The ole mas costume? It was a duster coat, a distinctly grandmotherly cut and print a Covigne youth would be unafraid to don J'Ouvert morning. Cherisse’s PeaceS played Forged From…, an assortment of characters including Venezuelan dame lorraine Spanish Thyme and Midday Rubber, whose white hat had a reservoir-tip.

Mine was Petrotrin Clothes Down. Granny’s work-helmet with its red-and-black logo stayed in place, but her duster-neck would eventually reach by her waist, smearing words in body paint —Nepotism, Corrip…n— that the on-stage décolletage was supposed to reveal, so they lost effect. (The action revealed something else, which my friend Cagey invited me to come run around the Savannah with him to lose.)

The band placed honourably third, of three. Trophy and thing, eh.

My schoolfriend Gregory messaged Sunday, his almost weekly review of the column offered the chant from Rudder’s Another Day in Paradise, with which I ought to have closed last week:

“Believe in yourself and the chant going to make sense.”

Making sense of things, creating spaces of optimism, reminding each other of our worth — these are how we counter the violence produced by the economic and structural inequalities all around us, on which my BocasLitFest panel had focused. (Thanks to Shereen Ali for a two-part feature on it this week.) It’s how we instil daily dignity in our children, despite an educational system and state institutions forged from a love of hierarchy.

The beauty of living in a small place is our shared exchanges that help us make paradise out of the madness around us.

Besides the gem of a Saturday-afternoon ole mas competition on a Port of Spain pavement, the literary festival held other treats. The thrill last Thursday getting foreign winners of the Man-Booker and Forward prizes (top international literary awards) up in a cramped queer club reading work alongside the mother of Caribbean speculative fiction, and a range of local writers. Andre Bagoo introducing one of them to puncheon.

The honour of returning a favour Anton Nimblett did (flying in to moderate my book’s launch three years ago) as he launched a second, clever book of short fiction, Now/After, alongside first-time author Breanne McIvor Sunday afternoon.

World-class quality and range in Sunday night’s spoken-word finalists; plus the joy of seeing Alexandra Stewart’s unconventional voice finally rewarded. Celebrating the maturity of a historic youth organisation, the 2 Cents Movement, organiser of the annual slam, which received so much deserved journalistic coverage this year, including one front page, what I would say is mostly repetition. Sunday’s opening performance, though, was another reminder of the organisers’ responsibility to engage more deeply the impact of the traumas its young performers turn into four-minute, first-person narratives we applaud then go home.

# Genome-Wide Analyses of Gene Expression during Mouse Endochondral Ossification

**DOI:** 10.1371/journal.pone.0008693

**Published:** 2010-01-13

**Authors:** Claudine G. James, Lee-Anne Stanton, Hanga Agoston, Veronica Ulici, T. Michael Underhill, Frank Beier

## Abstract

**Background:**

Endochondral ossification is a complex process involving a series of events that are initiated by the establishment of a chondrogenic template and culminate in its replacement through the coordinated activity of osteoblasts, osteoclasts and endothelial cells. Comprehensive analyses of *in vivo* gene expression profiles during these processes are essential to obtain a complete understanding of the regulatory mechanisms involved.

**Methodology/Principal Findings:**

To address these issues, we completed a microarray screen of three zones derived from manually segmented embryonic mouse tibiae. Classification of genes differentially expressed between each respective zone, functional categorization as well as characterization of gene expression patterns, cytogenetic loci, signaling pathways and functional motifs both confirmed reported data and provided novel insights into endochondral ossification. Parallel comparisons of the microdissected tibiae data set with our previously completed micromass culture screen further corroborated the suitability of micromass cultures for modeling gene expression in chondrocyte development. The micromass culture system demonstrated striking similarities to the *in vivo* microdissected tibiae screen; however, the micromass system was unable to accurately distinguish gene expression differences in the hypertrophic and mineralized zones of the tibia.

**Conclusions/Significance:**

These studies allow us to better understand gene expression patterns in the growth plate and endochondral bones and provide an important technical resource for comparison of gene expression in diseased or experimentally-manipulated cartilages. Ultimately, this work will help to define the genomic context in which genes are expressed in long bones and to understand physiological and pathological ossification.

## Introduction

It wasn’t just the festival. I spent Tuesday with other tutors grading finals for Gabrielle Hosein’s Men & Masculinities in the Caribbean course. It’s penance I’ve long heard every academic colleague bemoan; and I myself complained all course how students don’t read and can’t write. Instead, it was a treat reading several thoughtful scripts of young people going into the world with gender analysis I hope serves the country well.

Thursday midday reminded me of the unaccountability of banking — one transaction took over an hour at FCB; and, yes, they offered me US$100 in $1 bills. But Wednesday, I celebrated the Diego Martin area’s businesses. A short, pleasant wait for my car’s first inspection at Phillip Greaves’s main-road facility, where they answer the phone. Then on to correct my one defect at a delightful, customer-oriented car-service franchise a garrulous Gordon Rauseo, retired from a major auto dealer, has opened on Morne Coco Road. Three workers changed my blown reverse-light lamp without a wait, for free. I got to my bank by 10.30, and all the US I wanted.

But Thursday turned brighter. I talked on Zoom about the troublesome Non-Profit Act with the UN special rapporteur for freedom of association, visiting Jamaica for the Inter-American Human Rights Commission’s meeting. Then off to the Consortium of Disability Organisations’ launch of it second-round parent advocacy training programme, which the PoS Mayor and a San Fernando councillor attended. (CODO’s still awaiting Government’s overdue accounting on compliance with the UN disability rights convention, which the AG promised a year ago).

This Thursday night proved even better. The local explosion of another word-form, stand-up comedy, includes Lisa Allen-Agostini and Louris Lee-Sing’s feminist monthly mic, which Melissa Doughty reviewed last month. FemCom graciously made way for BackChat at Euphoria last week, ending up at the Trinidad Theatre Workshop. Kevin Soyer guested, as promised. And what a talent!

Even without his incredible personal story (Sharlene Rampersad told last year) of overcoming almost-complete paralysis by transverse myelitis to walk with crutches and make really funny disability jokes, his natural wit and timing are breathtaking. I’m an instant fan. See Rachael Espinet’s Friday feature on Caricomedy today; and catch him there. The chant going to make sense.